Toby’s Act (Right to be Free from Discrimination and Harassment Because of Gender Identity or Gender Expression), 2012 was passed on June 13, 2012 and received Royal Assent on June 19, 2012, just days before the start of Pride Week in Toronto.
That Act amends the Ontario Human Rights Code (“Code”) such that discrimination on the basis of gender identity or gender expression is now prohibited in services, goods, facilities, contracts, employment and vocational associations such as trade unions, trade or occupational associations or self-governing professions. Similarly, harassment in accommodation or employment on those grounds is now prohibited.
Although neither gender identity nor gender expression is defined under the Code it is to be anticipated that, in line with established case law, they will be broadly interpreted to advance the equality of opportunity goals of the Code.
This development will require employers to be thoughtful and proactive in addressing issues that may arise from it. In some cases a balancing of rights among employees may be required, notably where sharing washrooms or changing facilities is concerned. Care must be taken to keep an open mind when faced with accommodation requests by transgendered employees and, as the Supreme Court has cautioned in its well-known Meiorin decision, employers should “be sensitive to the various ways in which individual capabilities may be accommodated” and “innovative yet practical when considering how this may best be done in particular circumstances.”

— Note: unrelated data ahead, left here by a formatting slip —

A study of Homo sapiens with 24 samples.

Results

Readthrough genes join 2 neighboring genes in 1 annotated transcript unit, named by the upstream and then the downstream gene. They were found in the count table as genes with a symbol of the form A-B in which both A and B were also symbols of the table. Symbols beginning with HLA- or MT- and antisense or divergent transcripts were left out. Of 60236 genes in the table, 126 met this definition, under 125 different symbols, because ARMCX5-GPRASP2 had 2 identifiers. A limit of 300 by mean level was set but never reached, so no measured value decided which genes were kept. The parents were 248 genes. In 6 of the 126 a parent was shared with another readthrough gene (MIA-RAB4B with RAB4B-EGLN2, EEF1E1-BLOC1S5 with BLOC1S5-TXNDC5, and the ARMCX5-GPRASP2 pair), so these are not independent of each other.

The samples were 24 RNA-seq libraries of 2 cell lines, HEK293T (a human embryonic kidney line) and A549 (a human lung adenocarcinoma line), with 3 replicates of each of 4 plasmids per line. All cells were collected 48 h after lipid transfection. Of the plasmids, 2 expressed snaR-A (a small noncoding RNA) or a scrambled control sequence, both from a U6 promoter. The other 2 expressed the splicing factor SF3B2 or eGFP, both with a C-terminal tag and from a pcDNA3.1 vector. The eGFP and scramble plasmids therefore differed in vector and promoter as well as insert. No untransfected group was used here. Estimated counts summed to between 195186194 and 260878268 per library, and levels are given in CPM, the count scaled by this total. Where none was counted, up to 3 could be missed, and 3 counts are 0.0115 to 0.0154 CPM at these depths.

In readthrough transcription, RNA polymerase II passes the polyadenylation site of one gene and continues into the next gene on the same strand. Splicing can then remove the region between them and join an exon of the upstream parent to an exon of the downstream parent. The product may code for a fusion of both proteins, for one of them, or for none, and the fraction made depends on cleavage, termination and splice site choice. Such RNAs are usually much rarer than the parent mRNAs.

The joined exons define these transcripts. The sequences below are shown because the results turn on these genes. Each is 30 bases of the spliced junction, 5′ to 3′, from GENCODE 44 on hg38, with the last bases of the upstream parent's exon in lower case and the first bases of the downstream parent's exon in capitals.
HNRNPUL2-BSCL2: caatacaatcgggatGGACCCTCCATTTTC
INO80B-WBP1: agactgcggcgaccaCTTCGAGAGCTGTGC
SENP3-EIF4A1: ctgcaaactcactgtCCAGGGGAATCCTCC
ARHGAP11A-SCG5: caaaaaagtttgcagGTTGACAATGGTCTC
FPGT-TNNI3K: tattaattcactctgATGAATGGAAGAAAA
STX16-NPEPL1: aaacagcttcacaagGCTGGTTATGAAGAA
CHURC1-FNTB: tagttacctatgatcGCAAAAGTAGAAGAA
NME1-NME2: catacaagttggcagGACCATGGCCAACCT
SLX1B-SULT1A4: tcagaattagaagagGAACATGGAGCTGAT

Employers may also wish to review existing policies to ensure compliance with this development. As the Supreme Court has also stated in Meiorin:
Employers designing workplace standards owe an obligation to be aware of both the differences between individuals, and differences that characterize groups of individuals. They must build conceptions of equality into workplace standards. By enacting human rights statutes and providing that they are applicable to the workplace, the legislatures have determined that the standards governing the performance of work should be designed to reflect all members of society, in so far as this is reasonably possible. Courts and tribunals must bear this in mind when confronted with a claim of employment-related discrimination. To the extent that a standard unnecessarily fails to reflect the differences among individuals, it runs afoul of the prohibitions contained in the various human rights statutes and must be replaced. The standard itself is required to provide for individual accommodation, if reasonably possible.